March 2023 Update

March 2023

Being at the Reagan Presidential Library premiere of the monumental exhibit, ‘Auschwitz—Not Long Ago, Not Far Away’ was not only a tremendous honor, but also a chance to reconnect with colleagues who have become friends over the years.

Here is Robert Jan van Pelt, the Chief Curator of the Exhibit, pointing out his father’s star to Piotr Cywinski, the Director of State Museum of Auschwitz-Birkenau.

Caption: Robert Jan on right, Piotr on left

Luis Ferreiro (left) is the Head of Musealia, which is the organization that commissioned the Auschwitz exhibition He resides in San Sebastion, Spain. Robert Jan van Pelt, the chief curator of the exhibit, resides in Canada, where he is an architectural historian at the University of Waterloo. He is one of the world’s foremost experts on Auschwitz. Among other works, he co-authored the award-
winning book, Auschwitz 1270-the Present (with Professor Deborah Dwork).

But most exciting of all, was the reunion with Art Paikowsky, currently of Arizona, but formerly from Philadelphia, where he organized one of the first ever missions to Eastern Europe, while it was still under Communist control. As a participant—but one who had never been on a group tour, I had no idea how crucial it was to stay with the group. Because of the prestige of most of the participants of the group, Auschwitz —which was closed to the public when we arrived—was kept open just for our small group. Unfortunately, I became separated from the group and in a locked Auschwitz—running trying to find anyone alive—I discovered the photos that became the genesis of Eyes from the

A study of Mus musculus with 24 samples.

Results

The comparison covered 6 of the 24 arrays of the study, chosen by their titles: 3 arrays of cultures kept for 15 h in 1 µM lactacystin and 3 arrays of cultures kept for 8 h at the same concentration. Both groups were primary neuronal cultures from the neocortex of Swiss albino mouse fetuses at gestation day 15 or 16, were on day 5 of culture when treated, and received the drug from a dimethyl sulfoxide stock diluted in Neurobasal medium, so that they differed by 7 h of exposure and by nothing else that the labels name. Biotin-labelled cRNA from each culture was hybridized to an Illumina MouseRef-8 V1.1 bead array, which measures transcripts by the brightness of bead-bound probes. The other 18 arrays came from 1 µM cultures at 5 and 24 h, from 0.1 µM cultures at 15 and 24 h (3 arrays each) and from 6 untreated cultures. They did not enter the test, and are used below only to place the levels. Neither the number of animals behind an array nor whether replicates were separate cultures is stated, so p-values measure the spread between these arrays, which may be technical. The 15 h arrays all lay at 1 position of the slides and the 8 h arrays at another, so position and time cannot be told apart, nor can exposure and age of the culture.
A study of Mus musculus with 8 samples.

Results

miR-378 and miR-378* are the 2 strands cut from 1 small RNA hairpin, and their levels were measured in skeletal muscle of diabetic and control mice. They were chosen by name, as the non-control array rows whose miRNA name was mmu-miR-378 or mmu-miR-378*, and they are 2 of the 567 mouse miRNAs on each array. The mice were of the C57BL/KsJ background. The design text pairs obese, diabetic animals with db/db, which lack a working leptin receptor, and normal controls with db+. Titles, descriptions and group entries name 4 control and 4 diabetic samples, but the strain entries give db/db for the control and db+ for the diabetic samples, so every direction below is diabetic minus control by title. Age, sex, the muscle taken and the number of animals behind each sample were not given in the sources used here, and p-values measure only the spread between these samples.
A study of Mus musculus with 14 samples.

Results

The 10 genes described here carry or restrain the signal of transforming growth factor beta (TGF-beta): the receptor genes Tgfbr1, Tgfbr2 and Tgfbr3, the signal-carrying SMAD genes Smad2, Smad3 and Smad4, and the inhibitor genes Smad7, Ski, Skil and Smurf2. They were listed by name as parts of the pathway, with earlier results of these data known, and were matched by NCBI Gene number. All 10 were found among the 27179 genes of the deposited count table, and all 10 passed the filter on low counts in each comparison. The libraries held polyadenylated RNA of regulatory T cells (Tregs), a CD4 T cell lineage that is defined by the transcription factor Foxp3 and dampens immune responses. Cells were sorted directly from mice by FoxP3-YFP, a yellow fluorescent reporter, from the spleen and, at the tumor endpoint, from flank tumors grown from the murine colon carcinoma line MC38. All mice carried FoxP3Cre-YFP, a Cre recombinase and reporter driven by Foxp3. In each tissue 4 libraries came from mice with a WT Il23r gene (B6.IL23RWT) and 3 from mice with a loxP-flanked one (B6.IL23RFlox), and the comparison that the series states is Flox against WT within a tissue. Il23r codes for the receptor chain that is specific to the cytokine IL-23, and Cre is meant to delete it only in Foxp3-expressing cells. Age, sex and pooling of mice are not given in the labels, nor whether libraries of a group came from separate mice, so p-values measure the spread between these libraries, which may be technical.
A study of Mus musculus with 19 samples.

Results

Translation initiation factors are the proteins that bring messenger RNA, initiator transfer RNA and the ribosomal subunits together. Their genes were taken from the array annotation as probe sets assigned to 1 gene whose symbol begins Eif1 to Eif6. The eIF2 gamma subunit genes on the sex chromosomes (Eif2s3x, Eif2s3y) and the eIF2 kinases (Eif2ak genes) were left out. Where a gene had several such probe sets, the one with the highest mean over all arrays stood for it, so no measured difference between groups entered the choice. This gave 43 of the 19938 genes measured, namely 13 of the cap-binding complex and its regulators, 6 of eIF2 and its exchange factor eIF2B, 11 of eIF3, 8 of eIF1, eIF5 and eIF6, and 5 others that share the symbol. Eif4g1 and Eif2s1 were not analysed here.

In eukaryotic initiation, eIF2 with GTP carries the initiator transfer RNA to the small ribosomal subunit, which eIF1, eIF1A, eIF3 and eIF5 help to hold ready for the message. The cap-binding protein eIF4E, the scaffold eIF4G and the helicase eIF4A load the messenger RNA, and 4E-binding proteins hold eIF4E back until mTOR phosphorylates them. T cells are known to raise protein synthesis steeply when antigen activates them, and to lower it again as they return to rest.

Ashes Educational Foundation.

Art attended the premiere and later told me that his part in this story was one of the proudest things he had done in his life (This is saying quite a lot, considering all the buildings he secured funds to get built, and the millions of dollars he raised for the Birthright program.).

Art Paikowsky and Ann, at the Reagan Library

The exhibit features photos from our book, arranged in this way: The visitor comes around a corner and walks directly into our photos, titled “The Lost World of the Victims”. Perpendicular to our photos are images of the Nazi murderers, shown relaxing and frolicking at Auschwitz. It is a most dramatic arrangement!

Insert Photo 4: Ann at the exhibit “

The Lost World of the Victims”—featuring
photographs from The Last Album: Eyes from the Ashes of Auschwitz-Birkenau.

This wall, perpendicular to our photos, is simply labeled:
“The World of the Perpetrators”. I have chosen NOT to feature photos of the murderers here, only the photos of the Jews BEFORE they became victims.